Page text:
Arlene Holt Baker (31870)
Arlene Holt Baker

As evident by the new August unemployment numbers, African Americans continue to suffer significantly higher rates of joblessness, and an event held Friday and Saturday at Holman United Methodist Church and in Leimert Park turned a spotlight on what is being called a crisis in Los Angeles.

The Black Worker Congress and jobs rally is the start of an effort by African Americans to change that. About 300 people turned out for the two-day confab that began with panel discussions and strategy sessions.

“A panel where workers from different industries and different employment status talked about the barriers and conditions Black workers are dealing with in the workplace,” said Lola Smallwood Cuevas, head of the Los Angeles Black Worker Center, one of the event coordinators.

Among the conditions Smallwood Cuevas said Blacks are facing are discrimination, the outsourcing of jobs and the reduction of public sector employment, which is the number one employer of Black workers, said the center executive director.

In addition to listening to people who ranged from an unemployed construction worker to a woman working for the city of Los Angeles who is facing the possibility that her job may be privatized, the congress’ goals were to connect these individuals and other workers with labor leaders, a number of whom were in town for the AFL-CIO convention.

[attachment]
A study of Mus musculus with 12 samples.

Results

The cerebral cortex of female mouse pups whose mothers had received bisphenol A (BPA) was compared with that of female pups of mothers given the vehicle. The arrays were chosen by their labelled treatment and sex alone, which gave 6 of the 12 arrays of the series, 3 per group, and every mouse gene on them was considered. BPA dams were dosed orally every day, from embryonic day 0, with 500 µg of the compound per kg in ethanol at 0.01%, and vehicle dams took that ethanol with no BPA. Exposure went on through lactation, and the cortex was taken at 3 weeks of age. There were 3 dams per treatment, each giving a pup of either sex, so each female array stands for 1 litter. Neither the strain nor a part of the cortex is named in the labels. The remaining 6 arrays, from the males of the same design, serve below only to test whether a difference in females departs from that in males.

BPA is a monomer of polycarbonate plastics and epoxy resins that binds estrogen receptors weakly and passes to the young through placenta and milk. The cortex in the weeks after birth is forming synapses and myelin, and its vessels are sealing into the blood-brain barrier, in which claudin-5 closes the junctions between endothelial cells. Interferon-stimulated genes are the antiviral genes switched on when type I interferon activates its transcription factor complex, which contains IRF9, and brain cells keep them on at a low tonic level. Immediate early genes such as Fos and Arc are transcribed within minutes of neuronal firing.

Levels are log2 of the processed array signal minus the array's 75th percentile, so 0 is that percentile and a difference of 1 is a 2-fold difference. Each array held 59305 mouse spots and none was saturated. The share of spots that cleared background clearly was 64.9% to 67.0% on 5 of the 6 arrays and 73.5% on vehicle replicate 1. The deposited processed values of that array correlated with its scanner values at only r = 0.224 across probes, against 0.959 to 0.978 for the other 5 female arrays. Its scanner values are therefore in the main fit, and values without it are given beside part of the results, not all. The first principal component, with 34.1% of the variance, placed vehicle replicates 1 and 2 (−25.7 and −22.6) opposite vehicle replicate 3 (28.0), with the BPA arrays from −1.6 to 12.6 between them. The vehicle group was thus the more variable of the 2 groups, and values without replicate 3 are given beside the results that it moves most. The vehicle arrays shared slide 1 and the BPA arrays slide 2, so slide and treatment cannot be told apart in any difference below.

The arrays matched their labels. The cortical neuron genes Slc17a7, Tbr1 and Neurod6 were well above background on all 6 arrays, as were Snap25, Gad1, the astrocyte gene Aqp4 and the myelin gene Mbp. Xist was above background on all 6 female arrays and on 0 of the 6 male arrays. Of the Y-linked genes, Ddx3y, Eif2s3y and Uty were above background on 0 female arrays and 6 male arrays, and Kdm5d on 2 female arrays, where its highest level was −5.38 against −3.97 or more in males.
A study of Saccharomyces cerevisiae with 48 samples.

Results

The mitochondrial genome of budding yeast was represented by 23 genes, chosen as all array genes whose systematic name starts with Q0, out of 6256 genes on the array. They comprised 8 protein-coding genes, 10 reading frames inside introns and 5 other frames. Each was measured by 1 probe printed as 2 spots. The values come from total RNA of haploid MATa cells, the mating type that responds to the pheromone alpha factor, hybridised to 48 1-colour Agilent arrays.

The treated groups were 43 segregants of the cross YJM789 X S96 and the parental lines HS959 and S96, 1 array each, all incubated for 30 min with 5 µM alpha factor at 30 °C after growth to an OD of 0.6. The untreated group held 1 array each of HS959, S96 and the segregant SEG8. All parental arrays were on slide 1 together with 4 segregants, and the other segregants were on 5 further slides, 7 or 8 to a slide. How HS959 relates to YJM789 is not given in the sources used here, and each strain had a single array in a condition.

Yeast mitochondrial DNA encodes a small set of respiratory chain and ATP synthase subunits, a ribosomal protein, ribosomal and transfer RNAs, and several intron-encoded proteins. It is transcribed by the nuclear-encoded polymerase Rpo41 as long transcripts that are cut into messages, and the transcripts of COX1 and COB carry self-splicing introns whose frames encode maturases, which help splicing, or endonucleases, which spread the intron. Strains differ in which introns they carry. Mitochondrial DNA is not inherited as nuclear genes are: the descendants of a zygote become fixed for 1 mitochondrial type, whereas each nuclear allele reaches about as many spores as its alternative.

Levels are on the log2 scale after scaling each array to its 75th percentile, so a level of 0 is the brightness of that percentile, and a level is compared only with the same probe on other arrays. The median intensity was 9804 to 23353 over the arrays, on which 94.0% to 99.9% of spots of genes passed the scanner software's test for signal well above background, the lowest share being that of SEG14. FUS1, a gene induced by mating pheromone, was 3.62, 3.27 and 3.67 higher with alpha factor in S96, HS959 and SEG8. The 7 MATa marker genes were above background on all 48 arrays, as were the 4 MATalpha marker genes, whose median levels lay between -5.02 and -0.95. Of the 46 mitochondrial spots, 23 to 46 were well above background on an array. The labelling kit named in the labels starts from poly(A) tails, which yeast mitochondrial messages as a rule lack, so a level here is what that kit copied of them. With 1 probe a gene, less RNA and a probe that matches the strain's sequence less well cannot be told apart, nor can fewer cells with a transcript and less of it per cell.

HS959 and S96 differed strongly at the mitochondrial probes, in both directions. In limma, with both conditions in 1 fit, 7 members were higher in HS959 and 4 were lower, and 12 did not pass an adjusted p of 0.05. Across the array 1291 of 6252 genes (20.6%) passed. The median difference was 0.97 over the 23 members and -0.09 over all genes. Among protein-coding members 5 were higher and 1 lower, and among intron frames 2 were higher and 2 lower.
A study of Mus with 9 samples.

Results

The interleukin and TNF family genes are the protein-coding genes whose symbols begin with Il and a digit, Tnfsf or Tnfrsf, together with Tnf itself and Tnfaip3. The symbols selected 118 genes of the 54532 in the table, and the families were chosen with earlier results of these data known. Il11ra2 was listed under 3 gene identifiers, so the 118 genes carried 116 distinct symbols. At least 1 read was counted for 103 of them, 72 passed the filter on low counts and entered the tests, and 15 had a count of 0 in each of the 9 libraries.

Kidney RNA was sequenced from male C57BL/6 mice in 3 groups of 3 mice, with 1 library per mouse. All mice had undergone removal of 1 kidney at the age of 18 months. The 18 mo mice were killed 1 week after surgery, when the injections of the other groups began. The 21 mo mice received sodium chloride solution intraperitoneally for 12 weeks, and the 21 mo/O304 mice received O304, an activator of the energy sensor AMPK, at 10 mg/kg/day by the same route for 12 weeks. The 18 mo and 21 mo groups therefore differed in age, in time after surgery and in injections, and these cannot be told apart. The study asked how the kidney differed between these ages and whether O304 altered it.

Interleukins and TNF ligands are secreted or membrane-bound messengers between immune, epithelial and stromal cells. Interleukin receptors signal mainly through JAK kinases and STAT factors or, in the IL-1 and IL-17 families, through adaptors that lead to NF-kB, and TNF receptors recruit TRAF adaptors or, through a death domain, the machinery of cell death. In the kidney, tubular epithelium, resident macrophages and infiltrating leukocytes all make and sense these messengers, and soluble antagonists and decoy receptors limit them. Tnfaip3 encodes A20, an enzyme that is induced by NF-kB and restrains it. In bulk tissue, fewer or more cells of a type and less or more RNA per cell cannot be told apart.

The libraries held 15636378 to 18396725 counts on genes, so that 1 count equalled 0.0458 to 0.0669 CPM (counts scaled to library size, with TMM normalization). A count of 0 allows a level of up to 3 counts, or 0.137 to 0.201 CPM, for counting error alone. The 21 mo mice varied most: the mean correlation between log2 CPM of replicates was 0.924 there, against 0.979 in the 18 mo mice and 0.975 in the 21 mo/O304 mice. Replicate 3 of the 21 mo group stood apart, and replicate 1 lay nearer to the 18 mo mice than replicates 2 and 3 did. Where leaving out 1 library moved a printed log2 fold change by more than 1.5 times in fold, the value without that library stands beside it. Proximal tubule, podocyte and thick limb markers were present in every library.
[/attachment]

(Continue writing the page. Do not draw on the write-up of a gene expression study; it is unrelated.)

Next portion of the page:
“The overall sentiment of the panel discussions was that labor has not put Black worker organizing at the center of its strategy nor has the Black job crisis been elevated to the status of the worker’s rights issue that it is,” said Smallwood Cuevas, noting that labor has the responsibility of lifting up Black workers and being involved in what happens to them.

The worker panel was followed by break-out group discussions, and among the topics that were addressed were the abundance of low-wage jobs being created in Los Angeles and building a pipeline of workers through quality union jobs.

The next step in this process of developing an overall strategy to address the employment crisis for African American workers is for the Black Worker Center to take and synthesize all the information gathered and produce a report that will be shared with a coordinating committee in October. They will also meet with labor leaders who have pledged to support Black worker’s efforts to devise solutions.

Among the strategies that will be reviewed by the coordinating committee are building pre-apprentice programs that solely target African Americans and the unique barriers that many face to employment; connecting with corporations that are creating the low-wage jobs; and building an alliance with labor that will help solve this and other challenges.

Smallwood Cuevas said there is also a need to look at retail outlets and how to protect workers in these jobs and insure that they are making a decent wage, and working enough hours to support a family. There is also a need to push to insure that African American youth can get hired at fast food restaurants, and will not be exploited.

The center director cautions that this process is an incremental one that requires a new approach yet that, at the same time, understands that they are standing on the shoulders of great labor leaders like A. Philip Randolph, founder of the Brotherhood of Sleeping Car Porters, and one of the organizers of the 1963 March on Washington for Jobs and Freedom.